John Greig lays a tribute
John Greig lays a tribute
Broken barriers at the stadium
Late Belfast Telegraph sport editor Malcolm Brodie
A newspaper report of the tragedy

By Staff Reporter

Rangers Football Club held a wreath-laying ceremony to mark the 49th anniversary of the Ibrox disaster.

Sixty-six fans died and another 200 were injured in a crush on a stairway after a derby match against Celtic on January 2, 1971.

The incident happened just after the game had finished 1-1 following two goals in the final two minutes from the visitors' Jimmy Johnstone and then Colin Stein's equaliser.

As a crowd of 80,000 fans filtered out on to the surrounding streets, many fell coming down stairs on a passageway at the Copland Road end of the ground.

Steel barriers crumpled under the weight of so many people, leading to the horrific consequences.

Initial reports suggested the tragedy had been caused by supporters rushing back up Stairway 13 when the goal was scored and then being crushed by people leaving and the barriers giving way.

A later public inquiry, however, dismissed this hypothesis and concluded deaths were the result of fans pouring down the stairway in the same direction and being crushed.

It was the biggest single loss of life at a Scottish football match and it remains the darkest day in the club's history.

Rangers and its supporters have worked tirelessly over the years to ensure those who died are never forgotten through various tributes and memorials.

Club representatives took part in the ceremony at the Ibrox disaster memorial plinth on Edmiston Drive yesterday. Honorary president John Greig placed a wreath at the foot of the statue on behalf of the club before a minute's silence was observed.

Rev Stuart McQuarrie carried out a short service prior to the minute's silence.

The disaster led to a huge development at Ibrox spearheaded by then Rangers manager Willie Waddell, who visited Borussia Dortmund's Westfalenstadion for guidance and ideas. Ibrox was subsequently converted into an all-seater stadium and awarded the Uefa five star status. Stairway 13 was no more.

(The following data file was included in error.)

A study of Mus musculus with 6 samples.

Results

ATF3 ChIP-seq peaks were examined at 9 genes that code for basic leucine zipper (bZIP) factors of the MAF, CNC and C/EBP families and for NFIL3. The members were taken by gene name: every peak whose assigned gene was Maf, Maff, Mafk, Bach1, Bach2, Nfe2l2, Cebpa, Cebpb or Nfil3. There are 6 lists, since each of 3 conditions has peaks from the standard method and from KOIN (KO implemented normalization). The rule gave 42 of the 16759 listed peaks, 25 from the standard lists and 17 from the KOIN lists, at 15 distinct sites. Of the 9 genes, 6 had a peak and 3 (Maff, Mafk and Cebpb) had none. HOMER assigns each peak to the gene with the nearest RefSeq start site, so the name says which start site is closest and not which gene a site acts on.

The late Belfast Telegraph sport editor Malcolm Brodie was among the few members of the Press that were in the ground as the disaster unfolded.

A newspaper strike at the time in the city meant that there was not as big a media contingent in the stadium. It was while Malcolm was dictating his copy over the phone he noticed the crowd still in the ground. He asked police nearby what had happened and was told of the crush.

"Never will I forget that eerie scene," he later recalled.

"A chilling fog swept across the stadium which half an hour earlier had been a vibrant, passionate cauldron.

"Now the roar of the crowd was replaced by the wail of ambulance and police sirens.

"From touchline to goalposts, bodies covered in ghostly white sheets had been placed before departure for mortuary identification.

"Gradually over the next hour the horror of what had happened emerged.

"Thousands had left the stadium unaware of what had unfolded, and but for that telephone request I could have been one of them."

Brodie added: "The two managers, Jock Stein (Celtic) and Willie Waddell (Rangers), both now deceased, walked together towards the pitch through the fog to the scene. Tears were in the eyes and emotion filled the bodies of these hard-bitten men."